New York Jets strong safety Jamal Adams is one of the better cover defensive backs at his position in the league and the film proves it.
His rookie season wasn’t flat-out dominant. Though Jamal Adams showcased flashes, 2017 remains his only Pro Bowl-less season.
The LSU product finished with a 68.5 overall grade (49th) while struggling in coverage, via PFF. He allowed six touchdowns and a 130.2 passing rating over the course of the season.
Although his run support, tackling and overall box play still resembled star status a year later, his coverage game was raised incredibly. Suddenly, he was locking up Rob Gronkowski in Y-iso situations.
It’s OK to say the worst part of Adam’s game is his coverage; it’s not OK to say he’s a subpar coverage strong safety. He may just be the best in the NFL. (It’s at least arguable.)
Whatever is asked of him, he delivers. Whether it’s a deep-half look, deep-third situation, man-to-man, single-high, robber or flat, the New York Jets best player is one sick coverage strong safety.
Sabo’s Sessions breaks down 12 Jamal Adams pass coverage plays with the full video at the very bottom. Only Jet X Subscribers can view all 12 plays and the full video.
The first example features Adams in a deep-half look. Think about the strong safety position over the years. While Victor Green, for example, was a tackling machine, he was also a liability in pass coverage, especially when playing two-deep.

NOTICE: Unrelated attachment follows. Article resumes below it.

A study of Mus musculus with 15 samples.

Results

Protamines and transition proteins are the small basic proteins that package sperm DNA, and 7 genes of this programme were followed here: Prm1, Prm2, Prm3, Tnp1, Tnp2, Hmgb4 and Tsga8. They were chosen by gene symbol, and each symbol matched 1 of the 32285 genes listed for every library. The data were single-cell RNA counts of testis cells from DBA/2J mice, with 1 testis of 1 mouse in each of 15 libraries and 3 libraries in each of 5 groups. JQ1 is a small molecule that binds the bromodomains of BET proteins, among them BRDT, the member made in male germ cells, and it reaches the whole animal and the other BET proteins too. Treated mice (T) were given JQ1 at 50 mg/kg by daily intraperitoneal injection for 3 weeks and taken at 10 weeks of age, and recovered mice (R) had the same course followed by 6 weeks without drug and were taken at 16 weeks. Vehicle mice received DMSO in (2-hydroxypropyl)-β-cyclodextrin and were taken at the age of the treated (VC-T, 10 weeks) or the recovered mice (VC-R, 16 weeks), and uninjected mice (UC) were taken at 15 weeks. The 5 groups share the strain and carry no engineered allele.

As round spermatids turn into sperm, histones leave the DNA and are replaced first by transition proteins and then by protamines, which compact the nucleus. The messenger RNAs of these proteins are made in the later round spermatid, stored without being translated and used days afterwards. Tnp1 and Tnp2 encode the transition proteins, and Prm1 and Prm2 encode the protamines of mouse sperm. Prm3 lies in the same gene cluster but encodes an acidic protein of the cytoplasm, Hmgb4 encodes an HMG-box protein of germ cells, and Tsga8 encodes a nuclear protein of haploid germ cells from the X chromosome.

Here, against the Miami Dolphins, he breaks on the corner route with no wasted movement and complete fluidity.
Notice his slow backpedal. Understanding there’s no receiver wide of the tight end allows him to feel comfortable underneath with the flat cornerback getting depth.
Next, we get into Adams’s mind. To reach NFL greatness, instincts and smarts are essential. Every NFL player is a stud athlete. To reach the level of an Adams takes intangibles such as work ethic and football IQ.
Notice Adams’s play recognition here.
He must have keyed in on either Will Hernandez or the left tackle. Notice Hernandez’s stance, which is extremely light on his hands. Adams is terrific when diagnosing plays for a myriad of reasons.
Back to the deep-half, and here against the Dallas Cowboys, Adams breaks on the ball so quickly it actually hurts him in the end. The official had no choice but to call pass interference due to the mere visual that was Adams meeting Jason Witten way prior to the ball arriving.
Look at Dak Prescott the moment Adams breaks out of his backpedal. Witten’s step to the inside is the only thing stopping Adams from playing the inside shoulder, picking the ball off and returning it for six.